If there is one prevailing gripe I have made in this report, it is that riding a bicycle along America's highways could be a whole lot safer. Inadequate shoulders were my only real lament throughout the entire journey. There would be no cause for conflict between bicyclists and motor vehicles if only we had paved shoulders on all the major highways.
As I have repeatedly stressed, it is my view that all roads with a speed limit of 55 mph or above should have marked, paved and debris-free shoulders of at least 8', and all roads with lower speed limits should have marked, paved and debris free shoulders of at least 4'.
1999 revision: Based on input from dozens of other cyclists and my review of Congressional efforts, I have tempered my demand to 24" marked, paved, smooth and debris-free shoulders on all federally subsidized highways. Bicyclists could live with just 24" shoulders on all roads in the United States and Canada and the sport would thrive.
Bicycle touring, especially by families, would be far more popular if this one simple safety measure were adopted.
In 1998, the Alaska oil fields that are currently filling the Trans-Alaska Oil Pipeline and producing something like 15% of the US oil supply, will be running dry (as of May 1998, the pipeline is still flowing--so I'll revise my depletion estimate to 1999). Oh sure, there are other Alaska oil fields that may be brought on line over time, but there is no effort under way now to construct the infrastructure to do so and those fields will not be ready when the pipe runs dry. In my opinion, we will see $3 per gallon gasoline by 1999 (based on $4 per gallon prices already prevalent in parts of Europe, I have revised my estimate upward to $4 per gallon by 1999). We need therefore to encourage other ways for Americans to get around and recreate during what is sure to be a major economic crisis resulting from the impending energy crisis.
March 17, 1999 revision: Gosh. I could have sworn that prices would go up by now. They went up about 5 cents per gallon yesterday, but a gallon of unleaded regular is still under $1.00 at most places around here. Adjusting for inflation, that's even cheaper than the 15.9 cent per gallon "gas war" I experienced in Detroit in 1968. The world economy is driven by more than just our demand. With economic recession in many parts of the world, overall world demand for oil is down, so the prices are staying low. Furthermore, when I was in Alaska in 1996, I was also told that it was a certainty that the Alaska oil supply would run dry by now. Morning Edition (PBS radio) reported yesterday that due to technological advances the Alaska oil fields are likely to produce indefinitely into the future. Oil remains a scarce resource that will eventually be depleted, however, so I stand by my belief that some day the bicycle will be a viable alternative to gas guzzling cars, trucks and SUVs.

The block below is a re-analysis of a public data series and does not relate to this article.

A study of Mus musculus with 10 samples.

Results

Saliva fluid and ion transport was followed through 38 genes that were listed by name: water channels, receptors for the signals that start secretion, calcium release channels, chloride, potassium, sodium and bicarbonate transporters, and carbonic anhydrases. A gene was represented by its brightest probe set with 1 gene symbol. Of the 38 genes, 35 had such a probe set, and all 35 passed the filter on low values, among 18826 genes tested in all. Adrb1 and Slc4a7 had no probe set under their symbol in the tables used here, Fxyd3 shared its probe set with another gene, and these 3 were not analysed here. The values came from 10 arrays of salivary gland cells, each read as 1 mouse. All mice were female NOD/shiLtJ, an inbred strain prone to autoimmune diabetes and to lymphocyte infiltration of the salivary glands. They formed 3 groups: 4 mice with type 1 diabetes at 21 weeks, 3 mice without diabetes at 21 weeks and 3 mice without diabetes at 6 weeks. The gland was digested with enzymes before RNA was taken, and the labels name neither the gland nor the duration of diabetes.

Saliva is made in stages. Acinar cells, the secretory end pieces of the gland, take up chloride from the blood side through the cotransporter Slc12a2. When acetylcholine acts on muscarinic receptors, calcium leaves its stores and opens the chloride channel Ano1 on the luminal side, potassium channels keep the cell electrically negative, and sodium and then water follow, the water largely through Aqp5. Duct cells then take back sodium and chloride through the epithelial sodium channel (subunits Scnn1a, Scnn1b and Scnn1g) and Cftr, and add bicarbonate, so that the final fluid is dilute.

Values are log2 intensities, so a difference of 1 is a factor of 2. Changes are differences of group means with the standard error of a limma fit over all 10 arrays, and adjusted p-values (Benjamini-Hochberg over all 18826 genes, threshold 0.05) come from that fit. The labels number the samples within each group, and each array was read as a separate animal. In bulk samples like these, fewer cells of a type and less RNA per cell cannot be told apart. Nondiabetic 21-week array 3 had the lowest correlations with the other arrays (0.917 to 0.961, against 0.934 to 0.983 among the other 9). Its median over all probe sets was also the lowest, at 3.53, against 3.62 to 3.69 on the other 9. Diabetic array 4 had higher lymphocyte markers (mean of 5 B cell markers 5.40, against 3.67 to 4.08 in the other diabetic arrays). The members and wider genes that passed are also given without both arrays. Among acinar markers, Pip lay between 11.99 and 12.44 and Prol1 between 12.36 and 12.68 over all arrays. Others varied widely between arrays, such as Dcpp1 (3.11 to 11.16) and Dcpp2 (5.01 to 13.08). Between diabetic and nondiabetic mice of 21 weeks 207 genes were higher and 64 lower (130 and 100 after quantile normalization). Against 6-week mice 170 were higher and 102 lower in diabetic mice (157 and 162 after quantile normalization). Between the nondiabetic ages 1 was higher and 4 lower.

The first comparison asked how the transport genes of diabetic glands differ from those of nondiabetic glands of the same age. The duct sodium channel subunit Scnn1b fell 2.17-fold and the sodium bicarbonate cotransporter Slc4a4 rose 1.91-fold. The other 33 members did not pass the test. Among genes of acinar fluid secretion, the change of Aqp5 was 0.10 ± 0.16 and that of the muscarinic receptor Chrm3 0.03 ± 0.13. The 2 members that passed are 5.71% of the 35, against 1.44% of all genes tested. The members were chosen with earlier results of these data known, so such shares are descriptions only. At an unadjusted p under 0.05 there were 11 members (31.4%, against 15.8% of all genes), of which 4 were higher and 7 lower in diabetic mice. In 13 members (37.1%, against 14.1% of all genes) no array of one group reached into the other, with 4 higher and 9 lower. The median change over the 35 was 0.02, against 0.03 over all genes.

Bicycling is an inexpensive alternative to burning fossil fuels for vacation transportation purposes. I think I proved that! Where bicycling is perceived to be risk free (such as in Banff and Jasper), it flourishes.
As I rode my bicycle across the continent, every day I purchased breakfast, lunch and dinner, lodging and bought supplies, services and the usual souvenirs. I spent about $10,000 on my 98 days of riding; which worked out to about $100 per day. On the other hand, I produced no pollution, used nothing but food and drink as fuel and did not wear out the roads.
Bicycle touring represents a viable source of tourism revenue. The rural communities I visited on my journey could use the revenue that bicycle touring would bring them if the highways were more bicycle friendly.
We need to start by notifying Congress of our needs. Lets begin by demanding that Congress mandate good 24" (2 foot) shoulders on US-2, the primary northern tier east-west route. Ultimately, Congress needs to require that ALL federally funded highways have paved shoulders that meet these specifications. I am not demanding that all the country's roads be modified right now. Instead, I am asking that all new roads or repaving projects incorporate widening for bicycle-friendly shoulders.
Secondly, I see no reason to prohibit bicycles on rural Interstate highways. Except for a small part of Alberta, it is my understanding that bicycles are permitted on ALL Canadian highways. On the other hand, all but 19 states prohibit bicycles on divided highways. In urban areas, crossing the exit ramps might vitiate toward prohibiting bicycles in the short term, but places like Duluth, Minnesota have designed underpasses/overpasses to accommodate bicycles at the interchanges and in new highway construction, such techniques could be included at minimal cost.
Note: I don't know enough about Canadian government to make specific suggestions for the same sort of shoulder lobbying effort there, but clearly the same needs are apparent. Canadians, please do what you can. I'll be riding in Canada too.
May you always have Tailwinds at your back and thanks for taking the time to travel along with me!